What is it?
There’s no doubt about it, downsizing is the future. With increasingly stringent emissions regulations being imposed on manufacturers, small capacity forced induction motors can now be found in everything from compact city cars to mid-engined performance machines. So it comes as no surprise that Seat has gone down this path with its new entry-level Ateca. Or does it?
You see, on paper, putting a 1.0-litre engine in an SUV is rather a risky move. Why, you might ask? Well, it’s all about perception. Sure, a small turbocharged three-cylinder makes sense in a hatchback like a Skoda Octavia or Peugeot 308, but a heavy SUV? Surely it wouldn’t be powerful enough?
That was a question VW had to ask itself when considering the same unit for the Tiguan, and in the end, the more ‘premium’ manufacturer decided against it. However, on reflection, we think that might have been a mistake, because once you’ve managed to get your head around the 1.0 TSI’s tiny dimensions, the little motor makes quite a lot of sense.
With a peak output of 113bhp at 5000rpm the 1.0-litre engine manages to match the output of the more expensive 1.6 TDI. And with the Ateca managing the 0-62mph sprint in 11.0sec, it’s quicker, too.
What's it like?
Importantly, it doesn’t feel underpowered. Like most turbocharged small-capacity petrol engines, there’s a slight step in its power delivery, but it doesn’t feel too boosty. At low revs, as you wait for the turbo limber up, the engine feels somewhat sluggish, but once the motor gets going – at around 2000rpm - power delivery is smooth and progressive.
Around town the engine is barely audible, making for relaxed day-to-day driving. Push it harder and it will emit a distinctive three-cylinder thrum, but it never causes any unwanted vibration. Compared with the 148bhp 2.0-litre diesel we tested earlier in the year, the petrol motor feels in a different league when it comes to overall refinement.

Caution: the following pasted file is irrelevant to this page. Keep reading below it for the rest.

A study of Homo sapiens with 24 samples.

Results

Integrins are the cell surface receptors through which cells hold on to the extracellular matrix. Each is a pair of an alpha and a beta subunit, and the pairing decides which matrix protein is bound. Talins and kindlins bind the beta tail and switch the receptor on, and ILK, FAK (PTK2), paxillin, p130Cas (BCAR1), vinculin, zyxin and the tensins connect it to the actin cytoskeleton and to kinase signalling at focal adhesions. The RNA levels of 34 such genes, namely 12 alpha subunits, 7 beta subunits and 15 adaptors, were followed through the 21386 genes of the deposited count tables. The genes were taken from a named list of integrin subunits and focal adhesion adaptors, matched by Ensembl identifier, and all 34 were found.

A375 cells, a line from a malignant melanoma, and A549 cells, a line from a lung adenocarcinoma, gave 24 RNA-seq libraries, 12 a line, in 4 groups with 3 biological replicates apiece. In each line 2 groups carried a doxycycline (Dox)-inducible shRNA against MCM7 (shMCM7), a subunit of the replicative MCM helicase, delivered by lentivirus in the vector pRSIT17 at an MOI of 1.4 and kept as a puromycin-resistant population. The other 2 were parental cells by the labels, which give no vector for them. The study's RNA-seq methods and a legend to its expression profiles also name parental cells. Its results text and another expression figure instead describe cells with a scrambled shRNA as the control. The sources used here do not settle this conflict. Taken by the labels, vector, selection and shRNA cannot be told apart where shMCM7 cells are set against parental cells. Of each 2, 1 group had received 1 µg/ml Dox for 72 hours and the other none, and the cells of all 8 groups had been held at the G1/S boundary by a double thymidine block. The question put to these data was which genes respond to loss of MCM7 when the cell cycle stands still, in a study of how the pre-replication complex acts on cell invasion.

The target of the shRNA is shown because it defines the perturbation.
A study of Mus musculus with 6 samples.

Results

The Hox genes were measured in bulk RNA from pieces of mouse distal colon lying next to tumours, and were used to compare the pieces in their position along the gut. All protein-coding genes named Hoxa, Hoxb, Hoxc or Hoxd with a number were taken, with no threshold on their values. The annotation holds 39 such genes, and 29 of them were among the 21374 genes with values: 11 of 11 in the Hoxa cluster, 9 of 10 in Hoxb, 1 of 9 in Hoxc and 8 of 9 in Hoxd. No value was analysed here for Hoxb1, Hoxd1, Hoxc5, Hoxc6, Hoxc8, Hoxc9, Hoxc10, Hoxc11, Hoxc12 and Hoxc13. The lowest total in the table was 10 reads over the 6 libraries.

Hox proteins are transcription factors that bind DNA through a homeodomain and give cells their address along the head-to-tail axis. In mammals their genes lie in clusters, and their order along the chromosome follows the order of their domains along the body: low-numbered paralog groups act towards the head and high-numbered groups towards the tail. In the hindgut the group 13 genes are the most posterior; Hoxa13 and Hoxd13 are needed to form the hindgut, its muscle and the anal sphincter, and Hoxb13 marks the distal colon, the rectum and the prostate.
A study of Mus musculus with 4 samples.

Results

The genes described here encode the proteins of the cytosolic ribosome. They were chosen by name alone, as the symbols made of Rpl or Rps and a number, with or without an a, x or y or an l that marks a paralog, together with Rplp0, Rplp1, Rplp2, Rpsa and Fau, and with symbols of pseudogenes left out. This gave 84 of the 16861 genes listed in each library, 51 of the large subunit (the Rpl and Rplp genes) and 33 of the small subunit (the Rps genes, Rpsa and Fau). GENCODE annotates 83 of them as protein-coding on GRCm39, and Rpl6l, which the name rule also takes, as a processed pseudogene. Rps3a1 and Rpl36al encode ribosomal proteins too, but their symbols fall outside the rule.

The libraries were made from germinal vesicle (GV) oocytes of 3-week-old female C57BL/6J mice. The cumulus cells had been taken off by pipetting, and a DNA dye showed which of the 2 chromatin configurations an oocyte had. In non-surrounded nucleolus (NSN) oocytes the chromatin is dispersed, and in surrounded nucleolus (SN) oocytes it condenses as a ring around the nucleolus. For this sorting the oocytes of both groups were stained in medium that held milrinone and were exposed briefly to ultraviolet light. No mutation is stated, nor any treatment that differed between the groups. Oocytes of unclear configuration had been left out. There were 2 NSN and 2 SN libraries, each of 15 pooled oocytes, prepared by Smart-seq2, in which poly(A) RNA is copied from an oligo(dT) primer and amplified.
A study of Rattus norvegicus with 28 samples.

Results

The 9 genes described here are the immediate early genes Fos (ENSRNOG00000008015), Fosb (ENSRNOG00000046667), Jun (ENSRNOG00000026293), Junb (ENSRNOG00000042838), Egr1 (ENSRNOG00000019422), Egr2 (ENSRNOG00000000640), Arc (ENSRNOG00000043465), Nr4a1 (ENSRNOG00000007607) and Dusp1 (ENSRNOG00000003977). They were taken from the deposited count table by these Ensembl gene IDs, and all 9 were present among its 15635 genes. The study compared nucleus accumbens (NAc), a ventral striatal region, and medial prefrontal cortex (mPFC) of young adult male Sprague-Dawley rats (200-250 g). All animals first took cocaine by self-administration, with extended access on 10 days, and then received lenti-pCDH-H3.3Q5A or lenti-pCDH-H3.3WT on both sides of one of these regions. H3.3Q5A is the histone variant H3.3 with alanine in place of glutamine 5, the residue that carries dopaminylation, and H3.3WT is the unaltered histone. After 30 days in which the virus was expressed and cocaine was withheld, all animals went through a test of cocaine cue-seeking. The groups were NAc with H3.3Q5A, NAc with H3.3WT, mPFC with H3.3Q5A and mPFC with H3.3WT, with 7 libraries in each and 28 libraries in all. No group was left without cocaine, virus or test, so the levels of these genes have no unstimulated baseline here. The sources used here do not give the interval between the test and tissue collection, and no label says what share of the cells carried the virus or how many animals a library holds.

Unfortunately, the same can’t be said for the Ateca’s ride. Thanks to its relatively firm suspension, body roll is well contained, turn-in is crisp and the direct - albeit lifeless - steering allows you to place the car where you want. But this comes at the expense of low-speed refinement; large obstructions are dealt with well, but higher-frequency abrasions translate into a busy secondary ride.
It’s worth noting that four-wheel drive models with their more sophisticated rear suspension ride slightly better than their two-wheel drive siblings. However, what you gain in comfort you lose in practicality; front-wheel drive Atecas like our test car get a whopping 510 litres of boot space, whereas cars fitted with all-wheel drive have to make do with a lesser 485 litres. That said, both models are still more capacious than the Nissan Qashqai and Kia Sportage.
Up front, the cabin’s design will be familiar to anyone who’s experienced the current Leon; that’s to say it’s functional rather than adventurous. It doesn’t feel wildly luxurious, but it’s hard to fault the practical layout and its impressive ergonomics. The optional infotainment system, which includes an 8.0in touchscreen with sat-nav and a DAB radio, is also fast, responsive and easy to use.